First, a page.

Sometimes the thought of chronicling how a film was brought to life from its original print medium is shown for audiences and it works. Sometimes it does not. But when you use a couple of two-time Oscar winners as your stars and set it against arguably the most familiar family-friendly logo in America, the final work would possibly be hard to dispute, no? And on the surface, the story of Saving Mr. Banks is admittedly an intriguing one.
The screenplay was written by Kelly Marcel and Sue Smith. The former has some writing credits, most recently on the short lived series Terra Nova, the latter from the quiet independent film Peaches. With John Lee Hancock (The Blind Side) directing, the story chronicles the process of securing the literary work of P.L. Travers (Emma Thompson, Love Actually) to cinema, specifically for the film Mary Poppins). The film shows her sometimes contentious battles with Walt Disney (Tom Hanks, Cloud Atlas), and her arduous process in working with the writers, specifically Don DaGradi (Bradley Whitford, The West Wing) and brothers Robert (B.J. Novak, The Office) and Richard Sherman (Jason Schwartzman, Fantastic Mr. Fox). Through it all, Walt attempts to pry the rights to her books for adaptation and eventual cinematic interpretation. Over the course of the film we see Travers reflect on what brought her to that point and some of the inspirations for her books, mainly centered on the relationship between her (as a child) and her alcoholic father (Colin Farrell, Seven Psychopaths).
It is on the latter the film spends a lot of its time, and to its detriment overly so. Saving Mr. Banks does a lot in the first act of the film to show the viewer that Travers is an almost stereotypic crusty British woman. The flashbacks hamper the development of the Travers character, resulting in a twofold effect: the viewer tends to look for the flashbacks after awhile, and it hampers any needed character development in the Travers character, and even with Thompson's charisma injected into her, does not do enough for a vital cog in the movie.
To further clarify, it is not that Thompson's performance as Travers is horrible, in fact it is pleasant and generally without issue. But the character itself tends to lack faults, or to put it another way, they seem to be glossed over for Hancock's choice of saying essentially, "Hey! Emma Thompson is on screen! She is a nice lady!" The same could be said of Hanks' performance as Disney, except replacing the lady label of course. The characters are more saccharine, even whitewashed, than they should be. For instance, Robert Sherman (Nowak) was wounded in World War II and like Sherman, Nowak walked with a cane. While the fact that Robert's cane is discussed and even the fact that he got a cane as a result of his duty was inferred, Robert's infatuation with British culture (which he picked up while recovering from his injuries) is virtually left unattended. These minor neglects or convenient omissions seem to recur throughout the film.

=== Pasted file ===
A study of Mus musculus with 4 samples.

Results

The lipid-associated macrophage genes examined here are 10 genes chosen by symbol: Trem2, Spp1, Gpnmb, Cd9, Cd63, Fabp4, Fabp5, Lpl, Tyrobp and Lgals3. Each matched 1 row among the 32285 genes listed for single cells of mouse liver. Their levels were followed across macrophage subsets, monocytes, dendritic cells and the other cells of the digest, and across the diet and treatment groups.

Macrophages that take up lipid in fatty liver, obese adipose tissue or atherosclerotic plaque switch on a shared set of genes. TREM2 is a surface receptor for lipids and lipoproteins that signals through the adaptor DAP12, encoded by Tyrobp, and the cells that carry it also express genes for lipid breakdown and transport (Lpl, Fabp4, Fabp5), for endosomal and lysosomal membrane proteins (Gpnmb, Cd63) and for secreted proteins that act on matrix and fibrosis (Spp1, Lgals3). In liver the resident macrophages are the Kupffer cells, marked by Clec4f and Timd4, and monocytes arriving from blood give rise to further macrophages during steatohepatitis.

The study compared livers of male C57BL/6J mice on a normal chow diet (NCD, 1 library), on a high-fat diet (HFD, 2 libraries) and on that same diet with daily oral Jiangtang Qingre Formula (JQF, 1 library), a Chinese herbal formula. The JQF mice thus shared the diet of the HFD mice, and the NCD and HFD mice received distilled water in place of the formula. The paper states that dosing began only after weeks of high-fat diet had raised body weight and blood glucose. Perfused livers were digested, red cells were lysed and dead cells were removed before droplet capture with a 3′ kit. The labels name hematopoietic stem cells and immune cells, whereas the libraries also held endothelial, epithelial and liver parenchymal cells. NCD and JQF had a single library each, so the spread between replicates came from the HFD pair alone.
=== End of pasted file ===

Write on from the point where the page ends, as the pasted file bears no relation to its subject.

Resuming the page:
Is the film worthy of dismissing because of these omissions? I don't think so. There is little doubt the film has an underlying layer of saccharine behind what goes on for it so the viewer goes along for the ride. I mean, we know at this point that Mary Poppins does get made into a film don't we? Otherwise I don't know what I linked to. That said, the gradual relenting of Travers, particularly during the "Let's Go Fly A Kite" sequence that is among its most effecting. I am willing to admit that moments like that are easily ones that make this stodgy guy tear up, to say nothing for Travers' attending of the Hollywood premiere (despite Disney's initial reluctance) and what she experienced during her time in the theatre.
If the contention is that I did not like Saving Mr. Banks because I refused to be swept up in the sweetness and the fun, I would disagree with that. My contentions are that it does not earn as much disbelief as it thinks it does and the use of the flashback sequences is excessive, to the point of disrupting the contemporary story, and the film suffers as a result. I do not have a problem getting sweet-talked into something I may be reluctant to experience, but if the talk is barely worth listening to, then I hardly think anyone else should expose themselves to it either.